Jewish Ministry


Sukkot or Tabernacles is a seven-day feast that includes an additional eighth day for a closing assembly.

It is the Festival of Joy and Lights. In the days that Jesus walked the earth, men danced with flaming torches. Four 75-foot high candelabras lit up the entire city of Jerusalem. There was a festival of water that was so celebratory that the Mishnah (Jewish Oral Law) says “he who has not seen the drawing of the water has never seen rejoicing in his whole life.”

Many messianic Jews believe that Jesus was born on the first day of the Feast of Tabernacles which would require that He was circumcised on the eighth day—the closing assembly.

Tabernacles is the biggest feast on the Biblical calendar. Jews simply called it “The Feast.” More than three times as many animals were sacrificed on Sukkot than on all the other feasts combined.

The bulls are sacrificed in such a way as to point to the end of the age. On the first day of the Feast, 13 young bulls are sacrificed. On the second day of the Feast, 12 bulls are sacrificed. On the third day of the Feast, 11 bulls are sacrificed. The pattern of one less bull is followed until the seventh day when seven bulls are sacrificed. It is as if the bulls are pointing to the end. Then, on the eighth (closing) day of the festival, one bull is sacrificed. The pattern points to the end of the age.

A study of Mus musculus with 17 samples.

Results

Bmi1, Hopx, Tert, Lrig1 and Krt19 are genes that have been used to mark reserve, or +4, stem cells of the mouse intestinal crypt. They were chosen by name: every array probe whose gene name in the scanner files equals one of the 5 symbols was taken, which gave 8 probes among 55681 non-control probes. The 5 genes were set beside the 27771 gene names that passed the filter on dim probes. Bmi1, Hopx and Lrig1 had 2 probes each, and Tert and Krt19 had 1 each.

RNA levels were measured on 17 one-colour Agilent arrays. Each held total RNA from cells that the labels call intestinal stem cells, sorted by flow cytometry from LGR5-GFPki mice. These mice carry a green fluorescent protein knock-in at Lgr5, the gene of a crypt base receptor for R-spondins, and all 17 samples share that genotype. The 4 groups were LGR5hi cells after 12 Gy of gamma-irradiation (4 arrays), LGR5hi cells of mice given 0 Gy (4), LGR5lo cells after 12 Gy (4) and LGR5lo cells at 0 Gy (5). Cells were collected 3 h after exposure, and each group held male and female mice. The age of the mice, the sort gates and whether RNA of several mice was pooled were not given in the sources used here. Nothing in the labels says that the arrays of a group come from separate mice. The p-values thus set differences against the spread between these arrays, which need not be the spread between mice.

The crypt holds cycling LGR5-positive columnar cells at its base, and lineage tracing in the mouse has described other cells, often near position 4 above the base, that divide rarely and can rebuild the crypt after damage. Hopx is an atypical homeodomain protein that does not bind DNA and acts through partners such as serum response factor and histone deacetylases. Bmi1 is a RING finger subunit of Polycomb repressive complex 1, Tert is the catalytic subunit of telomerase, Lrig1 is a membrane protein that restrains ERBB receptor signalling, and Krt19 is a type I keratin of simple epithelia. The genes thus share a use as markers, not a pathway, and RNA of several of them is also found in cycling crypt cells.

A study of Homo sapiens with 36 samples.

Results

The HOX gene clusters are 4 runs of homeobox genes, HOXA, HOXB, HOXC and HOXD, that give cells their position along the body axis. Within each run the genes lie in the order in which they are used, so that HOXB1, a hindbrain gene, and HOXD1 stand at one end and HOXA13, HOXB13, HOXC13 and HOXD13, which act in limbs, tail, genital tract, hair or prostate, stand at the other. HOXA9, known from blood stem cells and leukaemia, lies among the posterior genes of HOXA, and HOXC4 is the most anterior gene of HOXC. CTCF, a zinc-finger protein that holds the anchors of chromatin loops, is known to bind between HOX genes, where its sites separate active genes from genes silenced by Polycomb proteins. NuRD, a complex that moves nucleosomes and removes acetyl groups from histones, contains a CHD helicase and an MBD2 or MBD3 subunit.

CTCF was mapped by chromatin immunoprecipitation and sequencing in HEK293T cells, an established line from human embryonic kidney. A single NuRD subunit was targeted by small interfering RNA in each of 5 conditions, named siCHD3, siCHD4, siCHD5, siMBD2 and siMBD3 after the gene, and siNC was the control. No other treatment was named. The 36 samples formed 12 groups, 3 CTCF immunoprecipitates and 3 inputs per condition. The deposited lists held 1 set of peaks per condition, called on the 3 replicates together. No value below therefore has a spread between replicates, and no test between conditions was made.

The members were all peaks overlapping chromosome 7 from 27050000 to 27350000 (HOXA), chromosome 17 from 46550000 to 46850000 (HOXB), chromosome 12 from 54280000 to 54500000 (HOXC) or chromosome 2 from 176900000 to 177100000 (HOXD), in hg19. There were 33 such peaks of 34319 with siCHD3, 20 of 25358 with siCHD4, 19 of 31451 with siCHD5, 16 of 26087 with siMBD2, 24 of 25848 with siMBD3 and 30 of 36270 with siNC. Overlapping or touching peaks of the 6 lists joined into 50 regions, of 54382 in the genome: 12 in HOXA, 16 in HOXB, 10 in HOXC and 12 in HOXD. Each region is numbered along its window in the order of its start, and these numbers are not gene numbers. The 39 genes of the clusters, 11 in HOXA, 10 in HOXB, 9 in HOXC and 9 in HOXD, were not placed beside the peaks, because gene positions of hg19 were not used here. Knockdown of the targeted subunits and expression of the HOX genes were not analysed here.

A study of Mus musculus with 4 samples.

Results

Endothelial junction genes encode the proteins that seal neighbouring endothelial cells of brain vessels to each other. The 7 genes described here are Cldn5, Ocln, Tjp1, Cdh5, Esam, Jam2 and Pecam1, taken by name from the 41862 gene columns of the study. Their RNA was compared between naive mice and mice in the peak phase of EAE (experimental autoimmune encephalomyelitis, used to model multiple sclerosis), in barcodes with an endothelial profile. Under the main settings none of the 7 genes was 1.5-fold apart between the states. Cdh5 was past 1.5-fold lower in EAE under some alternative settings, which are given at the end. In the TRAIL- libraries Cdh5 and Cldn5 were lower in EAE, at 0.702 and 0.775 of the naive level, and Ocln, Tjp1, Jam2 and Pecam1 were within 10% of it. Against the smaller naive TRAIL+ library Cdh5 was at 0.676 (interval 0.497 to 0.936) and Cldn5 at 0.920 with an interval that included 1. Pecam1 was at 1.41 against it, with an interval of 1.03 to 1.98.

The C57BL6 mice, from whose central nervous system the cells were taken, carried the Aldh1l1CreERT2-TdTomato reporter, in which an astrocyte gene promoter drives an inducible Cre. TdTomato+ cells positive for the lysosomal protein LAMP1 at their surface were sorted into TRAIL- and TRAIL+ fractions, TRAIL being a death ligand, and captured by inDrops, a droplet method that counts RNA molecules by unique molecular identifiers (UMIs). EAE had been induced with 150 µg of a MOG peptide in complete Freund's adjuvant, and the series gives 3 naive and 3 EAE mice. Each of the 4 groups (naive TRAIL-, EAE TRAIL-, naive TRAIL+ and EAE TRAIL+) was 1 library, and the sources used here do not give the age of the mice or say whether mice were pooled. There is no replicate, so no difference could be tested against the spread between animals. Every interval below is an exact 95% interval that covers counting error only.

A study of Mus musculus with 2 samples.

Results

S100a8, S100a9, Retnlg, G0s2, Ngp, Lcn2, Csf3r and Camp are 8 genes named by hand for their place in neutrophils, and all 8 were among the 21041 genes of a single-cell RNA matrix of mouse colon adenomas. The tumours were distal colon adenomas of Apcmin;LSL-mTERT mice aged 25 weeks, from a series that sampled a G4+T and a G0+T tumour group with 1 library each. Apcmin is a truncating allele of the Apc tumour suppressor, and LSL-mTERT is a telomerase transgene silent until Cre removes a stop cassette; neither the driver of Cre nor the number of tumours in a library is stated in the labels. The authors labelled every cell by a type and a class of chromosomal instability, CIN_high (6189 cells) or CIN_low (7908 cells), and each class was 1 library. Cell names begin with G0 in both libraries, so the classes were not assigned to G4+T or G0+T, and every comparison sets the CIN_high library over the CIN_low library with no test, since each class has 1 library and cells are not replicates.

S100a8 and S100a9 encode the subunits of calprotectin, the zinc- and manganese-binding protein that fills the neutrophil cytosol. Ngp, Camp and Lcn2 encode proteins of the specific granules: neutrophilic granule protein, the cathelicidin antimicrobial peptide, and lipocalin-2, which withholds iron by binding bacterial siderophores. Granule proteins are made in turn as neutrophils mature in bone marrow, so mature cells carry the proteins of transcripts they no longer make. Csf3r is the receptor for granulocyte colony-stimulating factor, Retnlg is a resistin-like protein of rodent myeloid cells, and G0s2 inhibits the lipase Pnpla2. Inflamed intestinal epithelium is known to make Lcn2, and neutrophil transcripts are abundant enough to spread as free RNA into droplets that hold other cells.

During the seven days of the Feast, a total of 70 bulls are sacrificed. The Rabbis believe that each of the 70 represent the 70 nations that spread out across the world after Noah’s Flood in Genesis 10. Therefore, the 70 bulls point to the atonement of all the nations of the world.

Tabernacles points to that day when God’s plan of redemption is complete and the Father tabernacles among people:

And I heard a loud voice from heaven saying, “Behold, the tabernacle of God is with men, and He will dwell with them, and they shall be His people. God Himself will be with them and be their God. And God will wipe away every tear from their eyes; there shall be no more death, nor sorrow, nor crying. There shall be no more pain, for the former things have passed away” (Revelation 21:3–4).